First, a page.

Living in California where summers tend to be above 100 degrees makes gardening a water intensive activity. Last year I got lazy and didn't bother to take down my pvc pipe and clear plastic "greenhouse" (ugly but useful) that I used during the winter. Lo and behold, the vegies that were planted in it did WAY better than those put out in the garden beds (I did open up two ends to let lots of air in). I was wondering if any other hot climate gardeners out there have tried a greenhouse, and if you had success. I recently moved to a much drier and windier place, with hot summers, and plan on trying a summer greenhouse again.
 
Shading Shading and more Shading! I live in New Mexico, and since we're at minimum 5000 ft elevation, the sun is more intense and some farmer gardeners I know of actualy keep the shading on all year round (we get average 320 days of sun per year). I would recommend at least 50 % shading in the growing season (I think it comes in 33 %, 50 % and 66 %). Hope this helps,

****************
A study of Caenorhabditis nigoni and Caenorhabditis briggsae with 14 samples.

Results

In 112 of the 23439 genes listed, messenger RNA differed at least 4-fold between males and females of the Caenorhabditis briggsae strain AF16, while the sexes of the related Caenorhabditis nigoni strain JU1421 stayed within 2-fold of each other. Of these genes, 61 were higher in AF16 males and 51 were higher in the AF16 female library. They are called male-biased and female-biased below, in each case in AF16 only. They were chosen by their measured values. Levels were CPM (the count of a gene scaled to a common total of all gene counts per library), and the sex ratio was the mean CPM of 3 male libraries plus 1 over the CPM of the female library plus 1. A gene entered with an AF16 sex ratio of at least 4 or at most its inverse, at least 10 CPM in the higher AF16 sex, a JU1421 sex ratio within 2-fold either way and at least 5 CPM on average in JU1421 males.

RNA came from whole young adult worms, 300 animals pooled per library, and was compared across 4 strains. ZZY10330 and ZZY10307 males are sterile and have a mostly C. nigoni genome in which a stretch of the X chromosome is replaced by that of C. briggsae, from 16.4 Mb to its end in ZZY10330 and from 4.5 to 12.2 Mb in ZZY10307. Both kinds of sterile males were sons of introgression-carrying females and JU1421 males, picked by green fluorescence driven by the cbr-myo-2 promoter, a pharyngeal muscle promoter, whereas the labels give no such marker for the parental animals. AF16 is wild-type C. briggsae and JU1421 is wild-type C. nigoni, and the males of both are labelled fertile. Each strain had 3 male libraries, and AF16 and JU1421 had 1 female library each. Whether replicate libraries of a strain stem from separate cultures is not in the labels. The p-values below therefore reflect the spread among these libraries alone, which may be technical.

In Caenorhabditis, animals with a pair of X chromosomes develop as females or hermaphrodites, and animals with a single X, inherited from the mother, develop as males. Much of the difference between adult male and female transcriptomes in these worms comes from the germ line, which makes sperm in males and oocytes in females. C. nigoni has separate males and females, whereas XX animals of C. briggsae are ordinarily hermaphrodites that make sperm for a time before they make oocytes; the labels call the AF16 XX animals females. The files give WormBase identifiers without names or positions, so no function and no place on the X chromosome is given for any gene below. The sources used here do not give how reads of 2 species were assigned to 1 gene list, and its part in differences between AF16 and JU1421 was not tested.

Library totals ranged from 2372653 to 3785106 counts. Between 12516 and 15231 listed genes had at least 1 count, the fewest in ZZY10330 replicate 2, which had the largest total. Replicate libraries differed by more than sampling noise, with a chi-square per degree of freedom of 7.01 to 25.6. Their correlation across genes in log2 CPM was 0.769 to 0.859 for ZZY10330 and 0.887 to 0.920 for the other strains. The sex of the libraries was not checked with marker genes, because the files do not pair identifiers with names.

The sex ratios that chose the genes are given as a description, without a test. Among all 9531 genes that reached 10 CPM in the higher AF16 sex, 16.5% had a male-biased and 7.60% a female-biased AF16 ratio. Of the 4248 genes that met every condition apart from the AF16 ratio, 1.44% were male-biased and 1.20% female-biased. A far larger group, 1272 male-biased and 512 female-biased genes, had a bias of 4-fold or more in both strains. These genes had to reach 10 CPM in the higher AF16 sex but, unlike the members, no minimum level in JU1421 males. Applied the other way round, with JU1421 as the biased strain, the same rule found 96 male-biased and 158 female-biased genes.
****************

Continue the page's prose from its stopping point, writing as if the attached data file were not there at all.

Mirna
 
 
 
 
Keep me posted on how your own experiments turn out!
 
 
 

The guy does research in his greenhouse, so whatever he's working on is in there. The purpose is not to get the temp as high as possible. He's a soil researcher.

And how does a person walk around in such heat to tend the plants???

That's hot even for here (San Antonio). The inside humidity was in the 90%, too. He probably doesn't do much tending since he's interested in the soils. He might have a half dozen plants, all the same, planted in different soil mixes. Then he might have four flats like that, so there's not much in there for all the space he has. But there's no tending needed, just general plant health observations. Usually that can wait until night time or tomorrow morning before it gets hot again.